However, there are a lot of brands on the market, and it can be difficult to choose which one might be best. Compiled here is a list of the most common colored pencil brands and their pros and cons; to help artists make the right decision.
Cra-Z-Art Colored Pencils
Cra-Z-Art colored pencils are standard wood pencils with wax inserts. For just 10 bucks, an artist can get 72 different colors in one pack, which is one of the best varieties out there. However, the colors are not vibrant once they meet the paper, and sharpening the pencils often results in broken leads. They are not of fantastic quality.
Crayola Colored Pencils
Crayola pencils are student-level pencils but still offer a vibrant color and strong insert that does not break when sharpening. While they are not butter-smooth like some professional brands, they are a great value for their low price and durable nature.
Sargent Art Colored Pencils
Sargent Art pencils provide another great variety of colors, as much as 52, for a low price. They are durable when sharpened, but their coloring quality and vibrancy suffer. An artist must apply tremendous pressure to get a bright color out of the pencils, and even then, they do not come out bright. Sargent Art is not the best quality product.
What sets Faber-Castell apart is the triangular shape of the pencils for easy grip. They are very easy to sharpen, with strong leads. Much like Crayola, they are vibrant yet strong. They are one step up from a student-grade pencil, and the quality in color shows. Overall, they are a good investment for an artist who has a budget.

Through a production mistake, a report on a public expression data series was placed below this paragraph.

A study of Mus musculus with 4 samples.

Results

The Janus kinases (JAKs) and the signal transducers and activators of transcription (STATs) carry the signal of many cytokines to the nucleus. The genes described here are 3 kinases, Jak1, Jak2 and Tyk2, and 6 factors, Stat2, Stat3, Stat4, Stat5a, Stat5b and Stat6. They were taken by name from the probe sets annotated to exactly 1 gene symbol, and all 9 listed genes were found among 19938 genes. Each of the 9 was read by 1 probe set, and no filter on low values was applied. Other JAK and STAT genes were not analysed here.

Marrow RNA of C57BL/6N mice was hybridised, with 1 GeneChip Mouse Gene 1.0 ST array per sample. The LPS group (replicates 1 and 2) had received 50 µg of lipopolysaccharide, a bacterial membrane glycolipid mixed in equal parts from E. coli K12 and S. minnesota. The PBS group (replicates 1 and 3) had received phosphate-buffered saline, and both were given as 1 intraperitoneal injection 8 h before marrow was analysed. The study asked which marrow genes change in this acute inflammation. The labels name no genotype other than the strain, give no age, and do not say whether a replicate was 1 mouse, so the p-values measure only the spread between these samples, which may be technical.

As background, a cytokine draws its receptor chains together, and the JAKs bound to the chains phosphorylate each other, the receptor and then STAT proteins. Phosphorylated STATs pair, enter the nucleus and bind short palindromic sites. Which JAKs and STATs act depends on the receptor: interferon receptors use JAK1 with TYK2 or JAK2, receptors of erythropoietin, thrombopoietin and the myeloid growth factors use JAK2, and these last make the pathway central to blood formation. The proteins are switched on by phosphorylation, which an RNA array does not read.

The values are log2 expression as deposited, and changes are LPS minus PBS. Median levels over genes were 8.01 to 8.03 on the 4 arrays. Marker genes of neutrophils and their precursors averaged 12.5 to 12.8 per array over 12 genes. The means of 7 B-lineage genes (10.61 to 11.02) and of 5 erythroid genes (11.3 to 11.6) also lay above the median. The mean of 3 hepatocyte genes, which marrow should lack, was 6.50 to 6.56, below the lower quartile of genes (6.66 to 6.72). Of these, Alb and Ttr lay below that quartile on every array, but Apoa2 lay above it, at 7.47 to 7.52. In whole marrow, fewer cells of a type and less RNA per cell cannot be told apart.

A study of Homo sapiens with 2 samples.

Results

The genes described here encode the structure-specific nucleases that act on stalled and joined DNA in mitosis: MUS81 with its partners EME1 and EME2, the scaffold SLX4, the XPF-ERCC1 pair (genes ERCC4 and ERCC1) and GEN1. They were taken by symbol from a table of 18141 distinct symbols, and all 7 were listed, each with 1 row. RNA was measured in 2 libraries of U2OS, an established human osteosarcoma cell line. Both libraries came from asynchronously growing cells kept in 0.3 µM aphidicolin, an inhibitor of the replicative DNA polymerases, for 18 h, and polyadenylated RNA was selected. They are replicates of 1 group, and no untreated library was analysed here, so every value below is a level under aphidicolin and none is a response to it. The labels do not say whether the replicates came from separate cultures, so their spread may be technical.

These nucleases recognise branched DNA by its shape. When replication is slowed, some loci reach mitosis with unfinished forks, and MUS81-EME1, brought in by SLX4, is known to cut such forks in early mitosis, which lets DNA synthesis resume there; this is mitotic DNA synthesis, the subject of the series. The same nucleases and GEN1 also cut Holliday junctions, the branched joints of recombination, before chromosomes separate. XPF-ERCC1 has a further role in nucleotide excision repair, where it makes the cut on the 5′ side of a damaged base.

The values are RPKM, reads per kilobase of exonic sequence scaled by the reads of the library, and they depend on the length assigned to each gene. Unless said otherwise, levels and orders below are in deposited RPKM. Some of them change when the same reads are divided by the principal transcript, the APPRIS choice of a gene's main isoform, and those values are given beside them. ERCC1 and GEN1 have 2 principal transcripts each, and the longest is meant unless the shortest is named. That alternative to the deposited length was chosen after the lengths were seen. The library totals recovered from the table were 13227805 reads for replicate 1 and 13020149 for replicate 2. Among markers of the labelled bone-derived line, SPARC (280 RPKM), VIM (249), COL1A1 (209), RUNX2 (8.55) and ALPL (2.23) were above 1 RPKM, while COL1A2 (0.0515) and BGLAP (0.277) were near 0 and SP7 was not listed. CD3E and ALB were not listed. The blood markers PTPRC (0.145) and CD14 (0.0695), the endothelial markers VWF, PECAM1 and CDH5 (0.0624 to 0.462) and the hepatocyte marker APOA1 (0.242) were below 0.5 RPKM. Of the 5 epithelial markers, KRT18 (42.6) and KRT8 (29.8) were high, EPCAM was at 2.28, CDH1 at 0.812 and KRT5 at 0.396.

Staedtler Colored Pencils
These are the strongest of the scholastic pencils, with their triangular grip, like Faber-Castell. The color is very vibrant, and the leads are specially protected against breaking. The grip can be uncomfortable, but overall, they are a great budget pencil.
Derwent Colored Pencils
These pencils are professional quality, so the colors are extremely bright. The leads glide smoothly across paper, so not much pressure is needed to achieve wonderful hues. The leads are difficult to break but require a lot of sharpening in order to complete a job. They are not as cheap as Crayola, but well worth the investment.
Prismacolor Premier Colored Pencils
Prismacolor is another professional brand and one of the best, at that. The soft leads are buttery and smooth while leaving an extremely vibrant color. They are ideal for shading and blending and are perfect for artist's work. While they are the best quality, they are a higher price. However, they are beyond worth the investment.
Which Colored Pencils Are the Best?
Overall, Prismacolor pencils are worth the investment for serious artists, as they would not have a better experience with any other pencil. However, for a hobby-colorer on a budget, Crayola or Faber-Castell would be a wonderful start.
yelromcc on September 10, 2019:
I'm sorry but you dont know very much about pencils if you are lumping Derwent and Faber-Castell in an article with Crayola and other cheap and nasty pencils. You are also not mentioning different lines the brands have. For instance, Derwent has over a dozen lines of professional pencils from scholastic Academy to Lightfast, Watercolour, Inktense, pastels, charcoal, oil based, wax based, tinted graphite, tinted charcoal etc.. Also Faber-Castel have many different lines as well from decent cheaper pencils to top of the line professional lines. You completely miss out Caran d'Ache which are the cream of the crop!!! I don't intend to appear rude but not much effort has been put into the "Ultimate" guide to coloured pencils. Also, is that drawing of an eye your own work? If not you are missleading the reader and could be breaking copyright!!
Bobbie Austin on January 30, 2017:
Prismacolor. These colors are very smooth golng on.